Way back in college, I was fortunate enough to have Butch Dalisay as one of my professors. The class was an undergrad course on Survey of American Literature, and I remember every single story and poem we took up to this day. I also remember him reading to us one of his essays during class. He had his Mac open on his desk and was reading his essay from the screen. Back then, I was thinking, "This should be boring. But it isn't." And I realized it wasn't boring because I was entranced by his words.
The summary for Soledad's Sister is similarly entrancing. A coffin arrives at the Ninoy Aquino International Airport in Manila, but the name on the coffin, Aurora Cabahug, is not the actual identity of the body. Rather, Aurora is the sister of Soledad, the body in the coffin. Soledad used her sister's name to acquire a job in the Middle East as a nanny, leaving behind her son in order to earn more money to secure their future. There, however, she died, and though there are traces of foul play, her death is unsolved and her body is sent home.
Rory, the sister, receives the news in her far off province where she works as a club singer. She sets off on the long journey to fetch her sister's body and is accompanied by Walter, a policeman who exiles himself to Rory's province after he was left by his wife and son. When they finally get the body, however, it is stolen from them and, according to the back cover, "things get even more confused than ever."
What I liked about Soledad's Sister is the lyricism of the writing, the surprising turns of phrases that I would stop at and think about, such as this one referring to Walter's hesitance to answer his sister's calls:
He rarely answered and never instantly; sometimes he called long-distance when he was in strange places and assaulted by a sudden fear of being devoured headfirst by yawning oblivion.Moreover, Dalisay has created wonderful character studies for all of his characters, main and minor alike. I felt like I knew them all: Soledad, who has to leave her child and family to seek her fortune in foreign lands; Rory, who dreams of making it big through her innate singing talent; Walter, the down-and-out and all-too-fallible cop who still tries to act according to his principles. Even the airport personnel, the local politician, and the body thief are painted excellently. We know their background and motivations, and these people seem very real.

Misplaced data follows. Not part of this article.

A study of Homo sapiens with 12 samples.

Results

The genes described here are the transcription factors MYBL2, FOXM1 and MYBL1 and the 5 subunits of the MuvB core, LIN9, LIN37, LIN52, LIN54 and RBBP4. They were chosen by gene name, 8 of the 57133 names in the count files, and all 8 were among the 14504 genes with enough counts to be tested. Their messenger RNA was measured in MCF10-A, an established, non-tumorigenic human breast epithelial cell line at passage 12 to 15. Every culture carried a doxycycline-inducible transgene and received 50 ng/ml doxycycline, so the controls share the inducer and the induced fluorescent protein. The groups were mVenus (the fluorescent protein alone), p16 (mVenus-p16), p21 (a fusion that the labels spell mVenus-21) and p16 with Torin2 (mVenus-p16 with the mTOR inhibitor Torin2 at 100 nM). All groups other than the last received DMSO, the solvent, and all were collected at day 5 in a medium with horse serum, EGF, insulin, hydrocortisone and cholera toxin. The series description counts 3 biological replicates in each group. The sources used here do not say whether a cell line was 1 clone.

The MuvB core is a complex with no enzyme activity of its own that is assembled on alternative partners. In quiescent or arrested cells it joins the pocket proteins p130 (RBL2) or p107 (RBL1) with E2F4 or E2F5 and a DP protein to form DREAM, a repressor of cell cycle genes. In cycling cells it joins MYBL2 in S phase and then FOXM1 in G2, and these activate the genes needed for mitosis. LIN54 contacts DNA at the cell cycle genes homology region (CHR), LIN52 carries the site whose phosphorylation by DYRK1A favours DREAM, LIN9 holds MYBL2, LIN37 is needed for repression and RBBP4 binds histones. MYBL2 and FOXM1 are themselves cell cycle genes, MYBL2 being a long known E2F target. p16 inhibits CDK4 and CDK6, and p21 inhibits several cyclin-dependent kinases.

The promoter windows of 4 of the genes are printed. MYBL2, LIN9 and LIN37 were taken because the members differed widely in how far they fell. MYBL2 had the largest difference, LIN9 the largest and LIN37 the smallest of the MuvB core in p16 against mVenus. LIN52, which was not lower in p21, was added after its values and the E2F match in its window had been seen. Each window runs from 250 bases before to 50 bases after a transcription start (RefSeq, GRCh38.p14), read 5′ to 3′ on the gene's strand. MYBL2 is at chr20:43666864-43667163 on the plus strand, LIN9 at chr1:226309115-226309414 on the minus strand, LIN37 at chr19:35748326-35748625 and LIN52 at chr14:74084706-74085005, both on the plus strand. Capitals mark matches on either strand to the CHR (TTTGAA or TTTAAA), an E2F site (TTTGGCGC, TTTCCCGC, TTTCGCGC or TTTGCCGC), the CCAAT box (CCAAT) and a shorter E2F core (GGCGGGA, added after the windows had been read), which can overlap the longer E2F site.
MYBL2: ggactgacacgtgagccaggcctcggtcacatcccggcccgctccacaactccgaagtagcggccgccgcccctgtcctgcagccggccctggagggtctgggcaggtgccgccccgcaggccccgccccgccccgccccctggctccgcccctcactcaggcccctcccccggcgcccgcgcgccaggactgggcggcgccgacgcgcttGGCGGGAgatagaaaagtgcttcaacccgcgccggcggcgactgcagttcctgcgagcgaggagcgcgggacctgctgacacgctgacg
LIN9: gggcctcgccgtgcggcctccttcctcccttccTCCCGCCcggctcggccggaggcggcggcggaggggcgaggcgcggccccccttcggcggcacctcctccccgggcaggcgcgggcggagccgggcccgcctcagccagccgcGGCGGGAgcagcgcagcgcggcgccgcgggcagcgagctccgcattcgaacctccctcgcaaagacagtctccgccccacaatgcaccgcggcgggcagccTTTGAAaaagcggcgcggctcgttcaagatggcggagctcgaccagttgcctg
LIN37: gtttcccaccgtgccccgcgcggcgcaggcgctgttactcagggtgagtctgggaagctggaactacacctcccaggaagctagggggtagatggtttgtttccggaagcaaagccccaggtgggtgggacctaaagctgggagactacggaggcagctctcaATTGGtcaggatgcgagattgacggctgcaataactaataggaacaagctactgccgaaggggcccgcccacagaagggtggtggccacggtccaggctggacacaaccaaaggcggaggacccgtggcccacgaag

The narrative shifts point-of-view from one character to another, so we enter even Soledad's thoughts during her first trip abroad to Hong Kong. This also allows us not only to know the characters themselves, but to know how the characters perceive each other. In my opinion, it all aids to the roundedness of Dalisay's creations.
Everything seems to be revealed. Except, of course, the ultimate knowledge--why did Soledad die?
And this is where I felt that the book could've been much more, could've said much more. It felt like the story was just beginning. I've read other reviews saying that the way it ends reflects our lack of identity. But if I had a peso for every writer, professor, or personality who talked about lack of national identity... Does the unending discussion about lack of national identity actually help find national identity? Or does it just perpetuate this perception and leave no resolution?
Personally, I don't mind books without a resolution. If it makes sense not to have one (e.g., McCarthy's No Country for Old Men, Tana French's In the Woods). But given that everything else was revealed, that there was no constraint about point of view, that we were given access to Soledad's thoughts and experiences, the holding back of this last piece of information--why and how she died--did not seem organic to the entire story.
Who knows, though? Mayhap Butch Dalisay will write a sequel or an epilogue to the story. Because, if we're going to talk about Filipino identity, I think we deserve to be known and to know ourselves. I think our story needs to be told. And I, for one, would like Soledad's story told until the tragic end.
Setting aside my preferred story changes, though, I still think Soledad's Sister is a book that people should read, particularly those who are into literary fiction. The writing itself is both beautiful and accessible. And for Filipinos, it presents familiar characters and situations that may evoke unity and compassion for fellow countrymen. For non-Filipinos, it speaks of the third-world, postcolonial experience in our part of the world. Moreover, however you want the story to end, I think it's the kind of book that will leave you thinking about it way after you're done.
Finally, I'd like to thank Anvil Publishing for the complimentary copy of this book.